The world of antique motorcycling mourns the loss of one of their most beloved and respected personalities.
Artist David Uhl captures the spirit of the first Motorcycle Cannonball in 2010 with founder Lonnie Isam Jr at Kitty Hawk, NC
With his parents by his side, Lonnie Isam, Jr. quietly lost his long and hard-fought battle with cancer on August 20, 2017 at his home in Sturgis, South Dakota.
Born May 7, 1969 in Edmonds, Washington and raised as the only child of Lonnie Sr. and Marianne Isam, Lonnie grew up surrounded by antique machinery and was well versed in all things motorcycle at an early age. As a teenager he spent weekends scouring garage sales and swap meets, then reselling his treasures to make spending money well before eBay, American Pickers or What’s in the Barn was ever thought of.
As a young man he traveled to Europe, worked with his father as a motorcycle wrangler on the movie set of Oliver Stone’s conspiracy film, JFK, and immersed himself in learning all he could about motorcycling’s past. Respected as a leading authority on motorcycle history and restoration, Lonnie eventually opened his own motorcycle shop called Jurassic Racing in Sturgis, South Dakota, but it is the Motorcycle Cannonball Run that he will always be remembered for.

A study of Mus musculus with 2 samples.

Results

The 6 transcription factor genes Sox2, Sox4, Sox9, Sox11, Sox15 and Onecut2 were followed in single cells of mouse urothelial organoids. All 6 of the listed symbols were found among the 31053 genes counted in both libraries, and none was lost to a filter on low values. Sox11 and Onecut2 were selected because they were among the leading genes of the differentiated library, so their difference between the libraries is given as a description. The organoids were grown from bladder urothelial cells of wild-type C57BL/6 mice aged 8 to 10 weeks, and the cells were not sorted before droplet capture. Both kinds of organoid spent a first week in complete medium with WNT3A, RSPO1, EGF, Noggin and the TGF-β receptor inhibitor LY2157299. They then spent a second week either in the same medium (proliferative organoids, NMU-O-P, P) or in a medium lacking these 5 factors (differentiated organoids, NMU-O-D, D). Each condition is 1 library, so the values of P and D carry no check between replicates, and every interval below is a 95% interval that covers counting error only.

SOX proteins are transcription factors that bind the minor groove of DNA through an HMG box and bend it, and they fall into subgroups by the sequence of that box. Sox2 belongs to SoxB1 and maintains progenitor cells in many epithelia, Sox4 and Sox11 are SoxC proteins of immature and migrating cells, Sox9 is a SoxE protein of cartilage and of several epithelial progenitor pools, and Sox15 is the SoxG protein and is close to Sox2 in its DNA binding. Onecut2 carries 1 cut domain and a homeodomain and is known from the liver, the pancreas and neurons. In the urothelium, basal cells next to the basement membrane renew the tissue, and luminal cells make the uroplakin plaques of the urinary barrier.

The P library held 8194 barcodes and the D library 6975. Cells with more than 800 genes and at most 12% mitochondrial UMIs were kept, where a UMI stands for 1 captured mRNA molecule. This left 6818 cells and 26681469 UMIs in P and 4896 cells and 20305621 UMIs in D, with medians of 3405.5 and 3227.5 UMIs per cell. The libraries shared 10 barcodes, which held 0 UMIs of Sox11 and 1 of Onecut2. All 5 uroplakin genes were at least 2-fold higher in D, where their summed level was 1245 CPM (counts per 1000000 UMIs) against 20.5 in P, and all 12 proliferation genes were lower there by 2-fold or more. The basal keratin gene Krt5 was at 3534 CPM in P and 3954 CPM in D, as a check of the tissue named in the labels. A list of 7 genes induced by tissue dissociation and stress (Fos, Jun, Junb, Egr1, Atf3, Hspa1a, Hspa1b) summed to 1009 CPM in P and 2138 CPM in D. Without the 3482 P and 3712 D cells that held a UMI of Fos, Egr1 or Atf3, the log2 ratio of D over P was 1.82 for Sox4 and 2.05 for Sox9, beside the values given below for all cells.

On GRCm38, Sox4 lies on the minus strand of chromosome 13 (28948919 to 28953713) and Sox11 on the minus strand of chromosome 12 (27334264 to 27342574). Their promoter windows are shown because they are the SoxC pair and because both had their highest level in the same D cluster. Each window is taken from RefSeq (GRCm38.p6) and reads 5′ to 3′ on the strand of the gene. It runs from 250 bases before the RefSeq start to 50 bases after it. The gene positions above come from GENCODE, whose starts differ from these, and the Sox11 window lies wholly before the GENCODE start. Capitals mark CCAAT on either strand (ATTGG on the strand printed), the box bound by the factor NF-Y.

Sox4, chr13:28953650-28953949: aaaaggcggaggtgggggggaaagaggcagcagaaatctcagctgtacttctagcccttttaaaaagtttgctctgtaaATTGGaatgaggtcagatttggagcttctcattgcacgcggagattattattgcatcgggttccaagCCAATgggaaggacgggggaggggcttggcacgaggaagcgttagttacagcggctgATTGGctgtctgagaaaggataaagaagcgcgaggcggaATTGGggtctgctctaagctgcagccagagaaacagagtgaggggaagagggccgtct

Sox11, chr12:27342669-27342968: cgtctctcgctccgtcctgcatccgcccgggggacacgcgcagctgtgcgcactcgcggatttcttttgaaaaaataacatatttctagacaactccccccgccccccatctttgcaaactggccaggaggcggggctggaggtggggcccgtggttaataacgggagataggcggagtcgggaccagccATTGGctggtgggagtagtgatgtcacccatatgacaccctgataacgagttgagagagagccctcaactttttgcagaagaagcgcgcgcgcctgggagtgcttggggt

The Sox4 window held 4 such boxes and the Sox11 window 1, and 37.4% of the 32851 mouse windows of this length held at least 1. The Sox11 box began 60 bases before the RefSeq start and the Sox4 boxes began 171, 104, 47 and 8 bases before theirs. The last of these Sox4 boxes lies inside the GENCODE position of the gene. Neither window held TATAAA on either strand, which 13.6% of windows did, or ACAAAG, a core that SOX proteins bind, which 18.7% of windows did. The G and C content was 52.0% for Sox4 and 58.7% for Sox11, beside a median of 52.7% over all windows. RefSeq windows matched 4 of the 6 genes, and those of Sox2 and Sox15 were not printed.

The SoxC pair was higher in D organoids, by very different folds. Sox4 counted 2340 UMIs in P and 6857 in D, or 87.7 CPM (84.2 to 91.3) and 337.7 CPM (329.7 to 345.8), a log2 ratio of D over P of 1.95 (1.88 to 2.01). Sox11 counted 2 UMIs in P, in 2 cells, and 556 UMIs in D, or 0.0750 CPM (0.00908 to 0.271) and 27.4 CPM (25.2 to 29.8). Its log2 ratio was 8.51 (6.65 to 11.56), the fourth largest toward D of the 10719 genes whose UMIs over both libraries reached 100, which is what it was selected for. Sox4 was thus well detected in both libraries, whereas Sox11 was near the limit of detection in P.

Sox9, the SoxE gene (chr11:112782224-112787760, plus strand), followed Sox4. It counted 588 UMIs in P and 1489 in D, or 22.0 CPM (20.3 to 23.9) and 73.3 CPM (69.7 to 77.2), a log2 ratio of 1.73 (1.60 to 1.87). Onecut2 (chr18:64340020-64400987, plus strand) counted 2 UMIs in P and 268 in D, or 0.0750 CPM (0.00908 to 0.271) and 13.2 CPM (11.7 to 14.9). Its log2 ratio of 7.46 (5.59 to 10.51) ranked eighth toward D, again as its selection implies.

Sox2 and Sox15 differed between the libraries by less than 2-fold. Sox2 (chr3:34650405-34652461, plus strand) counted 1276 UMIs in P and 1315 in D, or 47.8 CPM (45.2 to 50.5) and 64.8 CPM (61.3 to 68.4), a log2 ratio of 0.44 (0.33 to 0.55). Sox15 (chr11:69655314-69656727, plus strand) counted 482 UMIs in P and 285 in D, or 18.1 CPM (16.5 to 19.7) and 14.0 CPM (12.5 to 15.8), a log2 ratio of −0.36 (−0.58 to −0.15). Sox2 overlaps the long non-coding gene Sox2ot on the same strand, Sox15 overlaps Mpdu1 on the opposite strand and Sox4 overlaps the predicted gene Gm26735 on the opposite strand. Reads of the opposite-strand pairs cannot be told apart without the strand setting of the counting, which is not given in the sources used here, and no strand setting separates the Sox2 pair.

Known around the globe as the founder of the most difficult antique motorcycle endurance ride in the world, Lonnie started the famous Motorcycle Cannonball in 2010, forever changing the landscape of antique motorcycling by encouraging owners to make their ancient machines roadworthy and hit the blacktop with fellow enthusiasts. His original quest to just share a ride along America’s back roads with friends catapulted the wrenching visionary into the public eye as he managed to lead a different international group of adventurous riders in an epic excursion across the country three more times after the inaugural run.
Participants have declared the runs as “life changing.” And while Lonnie Jr. was always happiest when sharing a lane with his friends, his role of promoter launched the quiet gear head into a spotlight he was ill prepared for. He eschewed the limelight and shunned publicity. As far as he was concerned, the old bikes deserved to live out their lives as they were intended, being ridden, and that was all that was important. Lonnie Isam Jr. will forever be a part of motorcycling’s glorious history.
As per his request, there will be no services. Instead, it is suggested you take a ride through the country and recall a man who lived his life for his many friends and the sincere love of antique motorcycles. Please click on Motorcycle Cannonball for more information.